The National Archives: An Appointment with History

By Eoin Glackin

The Irish delegation at the signing of the Anglo-Irish Treaty December 6, 1921, now in the care of the National Archives. Seated from left, Arthur Griffith, Eamon Duggan, Michael Collins, Robert Barton. Standing from left are Robert Erskine Childers, George Gavan Duffy, and John Chartres.

When standing at the entrance to The National Archives I felt slightly out of my depth. My wandering mind had conjured up the notion of a dusty place for academics and historians, with an almost Freemason-like exclusivity.

Within seconds of being inside the reading room, the main area open to the public, I saw a man unassumingly approach the desk. He told the archivist that his brother-in-law had been a very successful competitive Irish dancer and was wondering was there any information on him and his dancing career. The archivist answered him straight away with a helpful, “Let’s have a look.” The would-be family historian and, by osmosis, myself were instantly set at ease by the affable archivist. That is the mission of the National Archives after all: to offer the public an insight into the dustiest corners of Irish history. You will find anything from forgotten family wills to treasures like the original Anglo-Irish treaty, signed 100 years ago on Dec 6th 1921 by historical icons such as Michael Collins and Winston Churchill. Here the devil is not in the detail, Ireland is.

Signatories of the Anglo-Irish Treaty 1921, image courtesy of The National Archives

In conversation with one extremely personable archivist, Elizabeth McCoy, about the type of things the archive holds, she brought something startling to my attention. It was an artefact from such a dark occurrence in recent Irish history that I was shocked to have never even heard of it.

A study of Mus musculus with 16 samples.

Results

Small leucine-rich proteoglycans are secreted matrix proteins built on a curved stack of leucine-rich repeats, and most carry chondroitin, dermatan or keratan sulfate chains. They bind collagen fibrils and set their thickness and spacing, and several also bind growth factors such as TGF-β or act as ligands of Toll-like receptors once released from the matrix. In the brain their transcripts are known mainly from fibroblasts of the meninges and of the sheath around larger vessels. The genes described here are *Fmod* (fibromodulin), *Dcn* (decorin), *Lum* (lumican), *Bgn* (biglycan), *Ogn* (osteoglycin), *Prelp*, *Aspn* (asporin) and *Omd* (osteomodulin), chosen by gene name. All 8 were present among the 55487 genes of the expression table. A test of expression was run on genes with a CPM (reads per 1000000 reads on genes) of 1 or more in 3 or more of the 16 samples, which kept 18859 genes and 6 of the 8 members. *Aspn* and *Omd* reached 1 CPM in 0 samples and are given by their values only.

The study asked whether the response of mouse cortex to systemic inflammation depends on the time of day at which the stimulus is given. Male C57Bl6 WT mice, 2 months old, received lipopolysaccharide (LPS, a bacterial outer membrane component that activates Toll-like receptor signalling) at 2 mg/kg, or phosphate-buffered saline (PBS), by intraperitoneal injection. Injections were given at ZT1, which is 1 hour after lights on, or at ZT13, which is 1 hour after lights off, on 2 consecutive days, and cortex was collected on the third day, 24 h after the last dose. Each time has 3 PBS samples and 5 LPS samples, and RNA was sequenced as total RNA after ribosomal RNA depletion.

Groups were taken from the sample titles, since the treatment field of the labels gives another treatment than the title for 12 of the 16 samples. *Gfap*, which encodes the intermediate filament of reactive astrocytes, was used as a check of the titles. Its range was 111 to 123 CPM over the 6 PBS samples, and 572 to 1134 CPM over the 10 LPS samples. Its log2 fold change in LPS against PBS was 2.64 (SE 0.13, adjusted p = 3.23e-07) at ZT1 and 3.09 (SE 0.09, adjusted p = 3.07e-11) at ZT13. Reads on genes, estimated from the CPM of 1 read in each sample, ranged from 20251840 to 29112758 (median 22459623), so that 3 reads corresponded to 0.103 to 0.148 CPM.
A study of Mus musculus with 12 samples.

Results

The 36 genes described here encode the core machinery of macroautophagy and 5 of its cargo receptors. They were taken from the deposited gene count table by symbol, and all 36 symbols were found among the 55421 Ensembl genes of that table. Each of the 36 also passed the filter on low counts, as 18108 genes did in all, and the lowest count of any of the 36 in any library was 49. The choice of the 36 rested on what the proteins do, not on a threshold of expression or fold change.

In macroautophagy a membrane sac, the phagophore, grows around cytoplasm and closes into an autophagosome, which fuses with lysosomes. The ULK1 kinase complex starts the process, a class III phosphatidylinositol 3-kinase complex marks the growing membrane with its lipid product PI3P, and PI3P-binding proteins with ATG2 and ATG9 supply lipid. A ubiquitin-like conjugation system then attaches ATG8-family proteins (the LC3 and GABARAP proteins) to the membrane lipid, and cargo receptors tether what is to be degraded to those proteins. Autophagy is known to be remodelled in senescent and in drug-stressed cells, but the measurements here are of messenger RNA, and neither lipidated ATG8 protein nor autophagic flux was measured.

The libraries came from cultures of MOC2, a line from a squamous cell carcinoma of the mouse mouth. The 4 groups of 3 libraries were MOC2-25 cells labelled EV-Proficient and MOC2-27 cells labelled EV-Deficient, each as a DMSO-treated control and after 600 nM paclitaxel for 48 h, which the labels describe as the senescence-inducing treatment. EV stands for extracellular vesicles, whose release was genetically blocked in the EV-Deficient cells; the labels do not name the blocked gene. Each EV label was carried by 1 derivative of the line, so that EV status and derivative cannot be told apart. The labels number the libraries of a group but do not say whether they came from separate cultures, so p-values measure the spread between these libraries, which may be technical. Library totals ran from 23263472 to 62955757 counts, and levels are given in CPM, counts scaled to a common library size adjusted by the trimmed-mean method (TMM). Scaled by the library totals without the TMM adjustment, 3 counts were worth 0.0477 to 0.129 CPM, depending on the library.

The Cavan Orphanage fire of 1943 saw 35 young girls and one elderly cook lose their lives in St. Joseph’s Industrial School, run by the nuns of the Poor Clares. There was ample time to safely evacuate but out of fear of the girls being seen by the fire fighters in their night dresses, the nuns instead locked them in a hard-to-reach dormitory on the top floor. Some girls who fled on time survived but the majority, following the nun’s orders, met a gruesome and unnecessary end.

Elizabeth produced folder after folder of documents connected with the tragedy. I found myself losing an hour or more reading through the transcript from the official inquest in 1943. I found myself in awe and horror at the official attempts to exonerate the nuns, into whose hands the care of these poor children was entrusted.

There is not even a permanent monument to the victims in Cavan town and it seems only a few articles have popped up over the years in national press to little attention. There in my hands, however, was a direct link to the facts of that tragic night.

That was the profound moment of my visit to the National Archives, the realisation that I was standing in a library unlike any other. It is a library where every word in every book adds up to one grand, ongoing tale. It is the story of our shared national identity in which we all play a part, generation to generation.

If you are curious to pay a visit to the National Archives on Bishop St. Dublin 8, be sure to bring two forms of photo ID and a proof of address. Once you present those items you are instantly given a “reading card” with your membership info and you are set. 

Due to current COVID-19 protocols, you must book a slot ahead of your visit. New slots are made available every Friday morning at 9am from

The service is completely free and a right to every citizen, so take advantage. What piece of the great Irish story can you unearth?